Stratacom filed suit against We Do Graphics, Inc. ("WDG") and Jakovich, an employee of WDG and former employee of Stratacom, asserting numerous causes of action including misappropriation of trade secrets. Stratacom alleged that, after it received notice of Jakovich's resignation, it discovered customer files missing, and that Jakovich, who then became an employee of WDG, solicited business from Stratacom's customers for WDG's benefit.

WDG tendered the defense of Stratacom's actions to Mercury Casualty Company ("Mercury"), which had issued a business liability policy including coverage for advertising injury. According to the policy, the insurance applied to "'[a]dvertising injury' caused by an offense committed in the course of advertising your goods, products or services" and that "'[a]dvertising injury' means injury arising out of . . . (a) [o]ral or written publication of material that slanders or libels a person or organization or disparages a person's or organization's goods, products or services; (b) [o]ral or written publication of material that violates a person's right of privacy; (c) [m]isappropriation of advertising idea or style of doing business; or (d) [i]nfringement of copyright, title or slogan."

Mercury denied coverage. After prevailing against Stratacom, WDG sued Mercury for breach of contact, bad faith, and fraud. The trial court sustained Mercury's demurrer to the fraud cause of action and granted summary judgment on the breach of contract and bad faith claims. WDG appealed the trial court's decision to grant summary judgment.

The Court of Appeal held that, where a third party action involves a defecting employee who allegedly stole trade secrets and attempted to solicit his or her former employer's customers, the advertising injury provision in business liability policy does not provide coverage.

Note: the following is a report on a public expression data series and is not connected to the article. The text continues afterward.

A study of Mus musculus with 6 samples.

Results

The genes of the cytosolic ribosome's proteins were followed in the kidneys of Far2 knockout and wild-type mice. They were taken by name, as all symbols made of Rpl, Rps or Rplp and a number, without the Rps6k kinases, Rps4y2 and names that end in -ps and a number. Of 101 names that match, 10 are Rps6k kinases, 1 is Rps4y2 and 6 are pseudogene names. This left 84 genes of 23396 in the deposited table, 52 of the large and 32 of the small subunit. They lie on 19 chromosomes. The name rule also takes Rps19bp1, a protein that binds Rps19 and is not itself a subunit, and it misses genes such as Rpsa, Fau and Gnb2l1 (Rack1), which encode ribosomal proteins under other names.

The appellate court found that the trade secrets Jakovich allegedly took were customer information, not advertising ideas. The court also noted that, contrary to WDG's assertions in the bad faith action, there were no allegations in the underlying action of Jakovich having any input into WDG's marketing and advertising strategies. Thus, there was no basis for finding that Jakovich stole marketing techniques in advertising.

Similarly, the underlying complaint did not contain any allegations of libel, slander, or other false statements of fact in connection with Jakovich's customer solicitation. Consequently, the court concluded that the underlying complaint did not contain any facts relating to an advertising injury, and Mercury properly denied a defense and indemnity to WDG. This case is important because it provides a good example of common business disputes that fall outside the scope of coverage under the standard advertising injury liability clause.